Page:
May 01, 2001
Meetings & Conventions: Planner's Portfolio May 2001 Current Issue
May 2001 Back to BasicsPLANNER'S PORTFOLIO:

Back to Basics

By Oren Jaffe, CMP


How to handle hotel staff turnover and keep your meeting on schedule

It happens to every meeting planner, probably many times: Your contact at the hotel changes jobs, leaving your meeting in a stranger’s hands. Whether the sales manager quits during the contract negotiation stage or the convention services manager is fired a week before the meeting, you must brush aside your surprise and/or disappointment and begin the process of learning to work with a replacement.

Handled correctly, the challenges that come up when your hotel contact changes shouldn’t adversely affect your meeting. The following advice, to follow before and after a change occurs, will help you weather the worst of the storm.

Know the players and their roles. At the outset, identify the key hotel personnel you will be dealing with, and obtain full contact information for each. Clearly establish everyone’s respective roles. Agree to communication preferences and response schedules, and outline the expectations each person must meet.

Avoid verbal agreements. From the very beginning of dealings with a hotel, get all agreements and commitments in writing, including signatures from a hotel representative and either you or someone in your organization. Another good idea is to foster and adhere to a perpetual chain of e-mail communication, creating a “paper” trail that will not only allow the new hotel contact to pick up the process rapidly, but also will ensure the integrity of previous discussions.

Designate a backup. Insist from the initial point of contact that a second hotel staff member be appointed your “backup contact.” Meet this person and exchange communication information. He should be apprised of all agreements, commitments and developments. When using any means of written communication, the backup person should be copied on all exchanges. Maintain well-organized, detailed accounts of all exchanges.

Anticipate turnover in the contract. Stipulate that the property is responsible for the prompt transition of backup personnel into the key contact position when the original person has moved on or been let go.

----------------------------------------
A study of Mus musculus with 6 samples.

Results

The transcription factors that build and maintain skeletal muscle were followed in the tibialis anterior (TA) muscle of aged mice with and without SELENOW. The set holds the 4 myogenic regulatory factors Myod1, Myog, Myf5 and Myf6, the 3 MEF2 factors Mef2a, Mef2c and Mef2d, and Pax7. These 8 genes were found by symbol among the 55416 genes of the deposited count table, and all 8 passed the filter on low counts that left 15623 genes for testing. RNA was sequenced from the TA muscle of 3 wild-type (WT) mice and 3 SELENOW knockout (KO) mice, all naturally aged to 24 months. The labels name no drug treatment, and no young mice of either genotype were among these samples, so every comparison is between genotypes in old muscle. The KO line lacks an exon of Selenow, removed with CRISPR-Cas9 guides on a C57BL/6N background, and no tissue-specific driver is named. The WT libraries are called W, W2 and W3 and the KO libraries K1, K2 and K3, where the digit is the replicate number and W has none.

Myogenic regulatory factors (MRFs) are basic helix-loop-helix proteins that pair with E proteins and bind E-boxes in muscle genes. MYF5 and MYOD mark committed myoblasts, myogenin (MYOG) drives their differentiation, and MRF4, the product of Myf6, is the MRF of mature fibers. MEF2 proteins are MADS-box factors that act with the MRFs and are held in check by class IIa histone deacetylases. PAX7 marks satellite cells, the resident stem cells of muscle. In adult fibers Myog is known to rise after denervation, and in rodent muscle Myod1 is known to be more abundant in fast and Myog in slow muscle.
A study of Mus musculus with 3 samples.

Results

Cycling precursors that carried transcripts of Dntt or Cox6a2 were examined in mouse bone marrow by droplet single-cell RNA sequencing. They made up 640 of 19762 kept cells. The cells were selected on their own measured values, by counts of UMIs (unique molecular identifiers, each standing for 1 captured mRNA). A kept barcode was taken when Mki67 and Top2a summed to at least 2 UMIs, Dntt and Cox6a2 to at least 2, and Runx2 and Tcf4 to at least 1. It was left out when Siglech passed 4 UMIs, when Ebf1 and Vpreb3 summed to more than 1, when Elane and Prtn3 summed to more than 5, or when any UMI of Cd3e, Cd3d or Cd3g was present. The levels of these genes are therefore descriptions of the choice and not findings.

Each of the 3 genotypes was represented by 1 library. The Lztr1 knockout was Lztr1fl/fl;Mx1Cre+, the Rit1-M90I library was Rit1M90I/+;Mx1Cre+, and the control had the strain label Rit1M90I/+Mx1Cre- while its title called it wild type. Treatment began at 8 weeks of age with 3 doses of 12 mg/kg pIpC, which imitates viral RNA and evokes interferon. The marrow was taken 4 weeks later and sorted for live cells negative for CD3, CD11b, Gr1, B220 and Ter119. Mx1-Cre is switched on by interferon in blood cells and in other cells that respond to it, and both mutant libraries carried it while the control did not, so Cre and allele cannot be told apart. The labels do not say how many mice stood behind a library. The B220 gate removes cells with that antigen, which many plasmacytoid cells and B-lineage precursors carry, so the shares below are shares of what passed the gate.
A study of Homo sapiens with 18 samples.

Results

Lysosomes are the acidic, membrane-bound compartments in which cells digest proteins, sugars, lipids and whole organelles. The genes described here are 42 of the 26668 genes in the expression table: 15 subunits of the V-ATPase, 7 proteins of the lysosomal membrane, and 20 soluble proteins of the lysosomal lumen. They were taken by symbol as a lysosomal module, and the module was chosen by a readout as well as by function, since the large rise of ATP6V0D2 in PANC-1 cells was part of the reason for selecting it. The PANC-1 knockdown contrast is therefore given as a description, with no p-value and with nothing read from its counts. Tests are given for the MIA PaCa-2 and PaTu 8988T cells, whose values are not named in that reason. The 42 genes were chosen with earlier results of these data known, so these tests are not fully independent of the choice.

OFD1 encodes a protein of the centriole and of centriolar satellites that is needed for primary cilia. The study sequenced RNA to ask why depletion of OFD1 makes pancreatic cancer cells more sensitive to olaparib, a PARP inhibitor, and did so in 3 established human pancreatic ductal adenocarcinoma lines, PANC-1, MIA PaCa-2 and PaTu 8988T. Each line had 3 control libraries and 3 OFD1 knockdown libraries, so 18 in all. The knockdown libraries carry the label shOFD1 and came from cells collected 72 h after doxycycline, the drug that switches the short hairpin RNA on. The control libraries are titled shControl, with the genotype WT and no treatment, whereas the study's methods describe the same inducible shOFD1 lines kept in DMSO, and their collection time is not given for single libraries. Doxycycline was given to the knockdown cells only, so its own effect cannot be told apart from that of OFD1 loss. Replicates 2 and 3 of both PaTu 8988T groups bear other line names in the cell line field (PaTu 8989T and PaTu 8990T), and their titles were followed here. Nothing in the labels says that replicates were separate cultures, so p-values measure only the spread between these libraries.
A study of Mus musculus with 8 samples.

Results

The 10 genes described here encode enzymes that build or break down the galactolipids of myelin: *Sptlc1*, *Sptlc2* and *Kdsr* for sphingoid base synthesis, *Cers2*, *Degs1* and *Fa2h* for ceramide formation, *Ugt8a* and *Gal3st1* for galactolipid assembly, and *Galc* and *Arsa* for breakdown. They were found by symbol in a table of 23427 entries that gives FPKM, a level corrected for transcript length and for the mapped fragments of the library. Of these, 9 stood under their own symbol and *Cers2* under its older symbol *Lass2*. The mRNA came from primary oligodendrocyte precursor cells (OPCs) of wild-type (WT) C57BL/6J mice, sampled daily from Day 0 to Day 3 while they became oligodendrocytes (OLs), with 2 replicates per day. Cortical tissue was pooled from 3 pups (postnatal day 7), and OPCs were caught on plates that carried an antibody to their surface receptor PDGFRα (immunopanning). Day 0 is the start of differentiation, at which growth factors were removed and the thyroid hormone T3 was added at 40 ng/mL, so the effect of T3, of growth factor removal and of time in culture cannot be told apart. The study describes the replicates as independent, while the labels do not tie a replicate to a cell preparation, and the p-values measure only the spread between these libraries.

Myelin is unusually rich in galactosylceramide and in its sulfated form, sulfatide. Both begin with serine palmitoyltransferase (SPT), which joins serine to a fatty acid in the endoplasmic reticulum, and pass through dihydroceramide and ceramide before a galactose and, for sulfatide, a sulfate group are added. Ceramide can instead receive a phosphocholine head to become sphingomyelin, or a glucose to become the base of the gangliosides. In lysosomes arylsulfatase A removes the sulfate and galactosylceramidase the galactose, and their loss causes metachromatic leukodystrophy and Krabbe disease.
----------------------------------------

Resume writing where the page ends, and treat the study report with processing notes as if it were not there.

Also spell out that the property agrees to preserve and execute all agreements made by authorized hotel personnel prior to the departure of that employee, and that those agreements will be honored even if they take place after the contact person has left the hotel’s employ.

When any agreement or contract is altered, be sure both a hotel representative and someone from your organization or the meeting sponsor sign their respective initials next to each change so they become legally binding.

Insist on accommodation. Because a new contact may have his own preferred style of communication and service delivery, any of which can significantly disrupt your momentum, you should insist that the processes already in place stay the same or work out a compromise.

Because you are the one experiencing the inconvenience and probable delay as a result of the hotel contact’s departure, the new person should accommodate your preferences. If the new contact’s attitude is preventing progress on the meeting, then immediately address the issue with the person. If you are still dissatisfied, promptly contact the person’s supervisor.

Review all agreements. Be sure to go over all current agreements with the new contact. Review carefully each contract, including banquet event orders, and verify all prices that have been agreed on. The original hotel contract should also make reference to the consequences, or lack there of, if prices should change after mutual execution of the hotel contract.

Jeremy Weir Alderson is a free-lance writer who works out of Hector, N.Y.